Katherine Anne PAUL
Newark Museum 紐瓦克博物館

Newark Museum Chinese Projects: Past and Future

Today the Chinese art collection of the Newark Museum numbers approximately 9,000 works of art (not including an additional 5,600 works of Tibetan art). Over 100 Chinese objects entered the collection with the Museum's founding in 1909. The first major exhibition to focus on China was the 1923 traveling exhibition, China, the Land and the People. Organized in conjunction with the Chinese legation in Washington, DC, this was an unprecedented compilation of early twentieth-century Chinese crafts showcased contemporary (1920s) life in China as well as its history. Two smaller exhibitions formed from this larger one traveled to twenty other US cities in the 1920s. This institutional history prompted a number of significant gifts of Chinese art to the Museum throughout the twentieth century.

In recent years, several projects have focused on different facets of the collection. The Museum hosted Professor Han Huirong 韓慧榮 of Beijing Normal University 北師大 to review and publish the Museum's extensive collection of paper cuts resulting in the 2015 publication: Revolutionary Chinese Paper Cuts from the Newark Museum. <<剪綵出東方 紐華克博物館館藏中國剪紙>>. This summer of 2016 Professor Lei Chinhau 雷晉豪 recently of Hong Kong Baptist University reviewed the Museum's pre-Ming dynasty ceramic collection. We anticipate a publication resulting from his review in the near future.

Recent exhibitions of Chinese art at the Museum feature both special exhibitions and permanent gallery reinstallations. In 2013, the special exhibition Ming to Modern, Elevating the Everyday in Chinese Art 《明代至今:日用品中的中國藝術》was drawn entirely from the Museum's holdings (excepting one loaned work). In 2012 three permanent gallery reinstallations were created along these themes: Re-Activating Antiquities: Honoring the Archaic in Chinese Art, 200 BC-2012 AD 《復古》; China's China: Porcelain, Earthenware, Stoneware & Glazes 《中國陶瓷》; Buddhism, Taoism, Confucius and Cult of Mao: China's Religious Arts 《佛教,道教,孔子和毛澤東的崇拜》. Additional permanent gallery installations that showcase Chinese art include the 2011 Tiaras to Toe Rings: Asian Ornaments and in 2010 Red Luster: Lacquer & Leather Works of Asia.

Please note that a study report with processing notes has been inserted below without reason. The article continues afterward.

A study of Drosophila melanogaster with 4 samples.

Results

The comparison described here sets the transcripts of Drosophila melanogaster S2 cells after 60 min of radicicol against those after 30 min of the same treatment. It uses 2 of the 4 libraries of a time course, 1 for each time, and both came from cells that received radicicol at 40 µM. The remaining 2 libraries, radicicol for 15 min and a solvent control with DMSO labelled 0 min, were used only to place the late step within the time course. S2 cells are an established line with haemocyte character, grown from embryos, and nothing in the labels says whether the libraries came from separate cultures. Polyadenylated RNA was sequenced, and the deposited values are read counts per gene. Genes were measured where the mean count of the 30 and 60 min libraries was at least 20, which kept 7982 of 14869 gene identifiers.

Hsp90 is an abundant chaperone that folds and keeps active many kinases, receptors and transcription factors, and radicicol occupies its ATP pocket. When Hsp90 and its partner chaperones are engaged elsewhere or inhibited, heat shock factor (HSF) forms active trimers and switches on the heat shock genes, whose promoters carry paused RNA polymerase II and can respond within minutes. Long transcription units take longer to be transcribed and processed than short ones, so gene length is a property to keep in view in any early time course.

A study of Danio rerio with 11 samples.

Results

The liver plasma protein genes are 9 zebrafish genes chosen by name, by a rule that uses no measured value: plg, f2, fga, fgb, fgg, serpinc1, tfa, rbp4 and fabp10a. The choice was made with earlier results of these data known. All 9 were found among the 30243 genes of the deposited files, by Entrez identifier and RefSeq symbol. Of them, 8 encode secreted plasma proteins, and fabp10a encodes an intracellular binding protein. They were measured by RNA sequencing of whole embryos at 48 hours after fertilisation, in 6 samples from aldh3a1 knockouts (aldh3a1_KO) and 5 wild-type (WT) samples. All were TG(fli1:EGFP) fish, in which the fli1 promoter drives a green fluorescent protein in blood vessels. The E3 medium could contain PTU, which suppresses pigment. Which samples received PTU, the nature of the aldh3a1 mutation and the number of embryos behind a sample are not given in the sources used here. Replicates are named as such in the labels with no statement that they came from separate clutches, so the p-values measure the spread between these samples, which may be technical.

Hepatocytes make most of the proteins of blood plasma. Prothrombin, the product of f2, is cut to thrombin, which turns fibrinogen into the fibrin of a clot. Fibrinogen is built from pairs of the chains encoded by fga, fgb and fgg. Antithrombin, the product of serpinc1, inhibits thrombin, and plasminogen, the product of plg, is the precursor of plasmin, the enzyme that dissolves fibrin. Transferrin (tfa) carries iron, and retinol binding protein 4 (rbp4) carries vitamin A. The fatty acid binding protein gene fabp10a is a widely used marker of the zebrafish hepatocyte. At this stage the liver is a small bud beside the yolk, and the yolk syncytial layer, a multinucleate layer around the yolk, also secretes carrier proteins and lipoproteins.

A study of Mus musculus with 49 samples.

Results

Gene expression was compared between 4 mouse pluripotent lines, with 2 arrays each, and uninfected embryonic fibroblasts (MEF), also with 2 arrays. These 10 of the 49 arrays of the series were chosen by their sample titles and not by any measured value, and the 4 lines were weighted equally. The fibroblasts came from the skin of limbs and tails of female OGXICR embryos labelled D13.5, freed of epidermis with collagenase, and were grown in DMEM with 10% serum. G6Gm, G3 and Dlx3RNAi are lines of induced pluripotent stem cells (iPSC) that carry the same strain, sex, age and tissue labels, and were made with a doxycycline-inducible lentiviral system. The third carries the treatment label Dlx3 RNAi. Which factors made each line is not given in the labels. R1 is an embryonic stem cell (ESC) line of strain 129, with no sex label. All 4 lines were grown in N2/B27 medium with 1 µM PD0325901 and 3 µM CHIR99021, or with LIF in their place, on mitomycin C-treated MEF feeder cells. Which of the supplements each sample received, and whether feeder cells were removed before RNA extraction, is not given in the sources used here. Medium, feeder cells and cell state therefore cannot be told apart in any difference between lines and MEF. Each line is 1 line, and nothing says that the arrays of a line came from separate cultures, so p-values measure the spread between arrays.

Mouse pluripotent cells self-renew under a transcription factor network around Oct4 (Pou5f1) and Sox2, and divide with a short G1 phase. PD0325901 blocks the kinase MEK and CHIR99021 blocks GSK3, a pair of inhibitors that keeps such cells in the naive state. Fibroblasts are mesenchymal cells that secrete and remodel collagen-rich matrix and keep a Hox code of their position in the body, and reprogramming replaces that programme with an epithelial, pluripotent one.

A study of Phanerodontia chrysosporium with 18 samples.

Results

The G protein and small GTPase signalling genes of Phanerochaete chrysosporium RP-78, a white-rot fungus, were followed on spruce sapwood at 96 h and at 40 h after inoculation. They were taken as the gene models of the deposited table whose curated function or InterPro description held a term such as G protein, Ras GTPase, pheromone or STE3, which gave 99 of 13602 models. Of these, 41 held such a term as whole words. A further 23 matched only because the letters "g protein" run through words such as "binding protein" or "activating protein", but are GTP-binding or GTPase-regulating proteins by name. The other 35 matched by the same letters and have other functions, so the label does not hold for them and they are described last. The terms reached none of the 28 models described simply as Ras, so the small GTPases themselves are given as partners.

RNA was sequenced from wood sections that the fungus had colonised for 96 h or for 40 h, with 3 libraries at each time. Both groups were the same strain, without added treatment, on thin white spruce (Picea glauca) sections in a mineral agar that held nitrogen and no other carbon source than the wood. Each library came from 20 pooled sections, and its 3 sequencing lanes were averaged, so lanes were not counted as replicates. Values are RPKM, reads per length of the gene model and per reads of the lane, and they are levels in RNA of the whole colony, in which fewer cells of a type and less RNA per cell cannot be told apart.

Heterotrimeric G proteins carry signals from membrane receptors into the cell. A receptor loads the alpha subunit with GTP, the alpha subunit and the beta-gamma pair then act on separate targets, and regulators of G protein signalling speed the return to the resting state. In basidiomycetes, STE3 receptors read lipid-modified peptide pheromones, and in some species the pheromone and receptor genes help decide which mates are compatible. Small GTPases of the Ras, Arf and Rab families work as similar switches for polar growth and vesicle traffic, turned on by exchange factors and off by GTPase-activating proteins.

Planning for the next special exhibition is underway. With the working title: China Trending: 18th Century Fads and Fashions for Velvets, Painted Enamels and Glass, the exhibit will feature the Museum's own superior examples of Chinese velvets, painted enamel wares and glass works and will highlight some of the early global exchanges between China and Europe that lead to the creation of these pieces. As demonstrated above, the Museum welcomes visiting scholars to study and publish focused aspects of the larger collection. Areas that remain understudied include our significant holdings of jades, paintings, costumes and textiles.